1799 WILLIAM WILBERFORCE. Important 7.5pp Letter from Leigh Richmond to William Wilberforce!
1799 WILLIAM WILBERFORCE. Important 7.5pp Letter from Leigh Richmond to William Wilberforce!

1799 WILLIAM WILBERFORCE. Important 7.5pp Letter from Leigh Richmond to William Wilberforce!


They would go on to become such close friends in the cause of the poor, working class, women, children, and the abolition of the slave trade that Richmond would name his son Wilberforce Richmond. Richmond was author of one of the great devotional tales of the time, almost continuously in print, The Dairyman's Daughter, which Richmond dedicated to William Wilberforce!

Richmond writes this letter to Wilberforce in response to reading his "Practical View of Christianity." The work was a lightning rod for Richmond's own Christianity and ministry. He likely read the first edition, just published in 1797. 

They just don't come on the market like this very often! Perfect piece demonstrating the impact of Wilberforce's "Practical View." 

Date: November 13, 1799.

Extracts: 

Commenting on the "Practical View:" "I am from my heart convinced that no effective reformation can take place either in the world at large or in the microcosm of our own soul, which is not laid in Christian virtue, by which term I understand the imitation of the conduct and maxims of Christ, produced, nourished, and perfected by the enlivening grace of the Holy Spirit operating upon the heart of the believer; and though from the very nature and definition of such virtue, it can only proceed from the free gift of God, when where and to whom He pleases; yet, as his precious treasure is committed to earthly vessels, and he is graciously pleased to make and appoint humble mortals to be ministers of his promised blessings, there arises a most urgent call from hence to all that are embarked in the propagation of the Gospel to be diligent and unremitting in their endeavour to bring their brethren to the knowledge of the truth as it is in Christ Jesus. . .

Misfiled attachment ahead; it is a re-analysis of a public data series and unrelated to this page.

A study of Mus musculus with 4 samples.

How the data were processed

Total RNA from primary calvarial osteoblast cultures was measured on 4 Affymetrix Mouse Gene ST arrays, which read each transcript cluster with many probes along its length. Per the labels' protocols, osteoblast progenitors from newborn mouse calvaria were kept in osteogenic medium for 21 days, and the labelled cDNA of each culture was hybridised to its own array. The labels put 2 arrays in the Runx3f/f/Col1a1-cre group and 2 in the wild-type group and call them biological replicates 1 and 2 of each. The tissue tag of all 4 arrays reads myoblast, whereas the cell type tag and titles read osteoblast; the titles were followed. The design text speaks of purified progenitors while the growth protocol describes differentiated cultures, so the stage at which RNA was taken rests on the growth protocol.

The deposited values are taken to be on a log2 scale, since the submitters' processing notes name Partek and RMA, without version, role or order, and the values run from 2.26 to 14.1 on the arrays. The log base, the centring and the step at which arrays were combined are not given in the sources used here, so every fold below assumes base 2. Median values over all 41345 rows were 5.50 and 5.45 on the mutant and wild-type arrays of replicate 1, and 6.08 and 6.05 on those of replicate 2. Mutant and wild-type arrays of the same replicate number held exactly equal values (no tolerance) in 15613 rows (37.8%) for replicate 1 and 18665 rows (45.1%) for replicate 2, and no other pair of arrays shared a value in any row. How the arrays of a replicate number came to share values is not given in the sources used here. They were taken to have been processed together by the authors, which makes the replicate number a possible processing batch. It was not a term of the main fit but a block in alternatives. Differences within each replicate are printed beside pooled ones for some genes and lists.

For my part, I bless God, that you have been the instrument of all some at least to a sense of the serious nature of the ministerial office and of the whereunto they officiate. May the God of grace  accompany your work with his blessing wherever it shall go, and may that same vital spirit of religion, which is therein so powerfully recommended, be poured out abundantly throughout the country in which we live to the everlasting benefit of multitudes.

He further mentions Hannah More, the doctrine of election, the Trinity, the publication of his sermon [which occasioned their introduction], his own testimony of experimental religion, etc.